Some of our discomfort is due to lack of writing practice and subjective over-familiarity with our chosen medium – whether it be paint, fabric or design software. Shouldn’t your excellent products simply speak for themselves? Besides, you may argue, words aren’t really your thing. Perhaps you also have an underlying suspicion that personal statements remove the mystique of your creations, or that condensing the lot into 200 words may reveal inadequacies rather than showcase strengths. How complex or meaningful can your products and services be, you ask, if they are so easily captured in one simple assertion?
Yet the basic truth remains: the ability to clarify one’s motivation (or even distill an entire career) into concrete statements can connect you with your target audiences and propel your career into new territory. With the increasing value of online promotion and marketplaces, your words must also represent you in your physical absence. Still, despite the number of accessible how-to blog posts out there, the standard of written output is generally mismatched against the higher quality of work offered by creatives, limiting the potential for prospective partnerships with galleries, commercial enterprises and other collaborators.
Why not consider it an opportunity? Writing well about your work can prove that you truly have a handle on what you are doing, and why. In a tangential way, it also confers confidence that the clarity of your words will translate to a level of professionalism and focus in your practice, in addition to quality of output.
Indeed, as you expand your creative practice you will also be required to provide more than the obligatory three-sentence artist statements. The gift of expanded commentary is in the chance for you to draw together multiple (and even seemingly unrelated) threads of your work in a coherent way, as well as linking to personal experience. Here, things get interesting: because audiences respond to authentic storytelling. They truly want to experience you, being you, expressed in a way that reflects the real you. They genuinely seek to engage with your creative journey, your unexpected discoveries along the way, and even your disasters-before-the-triumphs. This is what makes you relatable, and breathes life into your work from the audience’s perspective.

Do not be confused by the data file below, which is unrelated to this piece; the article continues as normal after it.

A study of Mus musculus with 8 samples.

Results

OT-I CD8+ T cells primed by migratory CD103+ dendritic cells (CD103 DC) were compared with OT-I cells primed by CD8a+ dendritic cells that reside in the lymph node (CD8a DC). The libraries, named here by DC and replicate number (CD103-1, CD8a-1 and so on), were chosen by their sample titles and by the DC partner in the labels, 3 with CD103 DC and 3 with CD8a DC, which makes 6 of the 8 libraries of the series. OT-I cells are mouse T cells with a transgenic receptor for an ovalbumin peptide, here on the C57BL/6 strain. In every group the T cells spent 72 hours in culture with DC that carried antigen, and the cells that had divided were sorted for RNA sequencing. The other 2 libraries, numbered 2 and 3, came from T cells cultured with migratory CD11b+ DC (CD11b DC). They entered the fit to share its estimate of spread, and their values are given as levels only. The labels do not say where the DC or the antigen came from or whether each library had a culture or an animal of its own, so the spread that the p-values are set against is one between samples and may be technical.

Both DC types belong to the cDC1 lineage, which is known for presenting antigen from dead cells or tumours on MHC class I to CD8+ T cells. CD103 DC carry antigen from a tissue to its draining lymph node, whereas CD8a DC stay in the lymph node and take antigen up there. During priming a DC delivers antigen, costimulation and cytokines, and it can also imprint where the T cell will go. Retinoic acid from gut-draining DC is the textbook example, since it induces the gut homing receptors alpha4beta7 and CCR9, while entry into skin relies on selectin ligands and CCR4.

Surprisingly, then, the writing process evolves to become more about honesty and less about complicated jargon or verbal acrobatics. Paradoxically, it also offers the opportunity to admit that you may not know exactly what you are doing, or why you are doing it. Making art is, after all, a largely intuitive process guided by trust in the creative unknown. And that’s okay! Audiences don’t expect you to understand and articulate every aspect of your process or motivation – but they will disconnect if you try and bluff them. Owning the truth about imperfections in your processes or understanding keeps the ball firmly in your court.
Some additional thoughts on avoiding familiar pitfalls in developing your writing practice?
Limit the use of artsy-yet-ambiguous expressions. Nobody really understands them, even though we all pretend that we do. This simply creates distance between your work and a confused reader or viewer who, like the artist, may be too afraid to admit that they don’t understand what’s happening. Creativity is for thinkers, but deliberately overcomplicating things will do you a disservice.
Trying too hard to describe your work. Your statements should be more about your motivation and process, and less about subjective descriptions. Interpretations and appraisals should respectfully be left to audiences.
Minimise time travel! Your work is in the here and now, so it’s better to stick with the present tense. Any statements you create needn’t pigeonhole you moving forward, either – they are always open to change, and can evolve alongside your creative practice.
At the risk of glossing over the challenge of developing new skills, I do believe that we are capable of raising the bar and expressing ourselves better in words. In turn, this pays dividends by cultivating authentic connections with colleagues and audiences who genuinely wish to understand us better.
The world truly needs what we have to offer, which sometimes requires stepping outside our comfort zones and summoning up bravery to demand only the best from ourselves. What have we got to lose?
Drawing from diverse backgrounds in health, science and the public art gallery sector, Liesl’s passion lies where the creative industries intersect with business and audience development. She explores a variety of relevant topics and shares inspiration from around the globe via her Instagram account, @thedailyculturepreneur.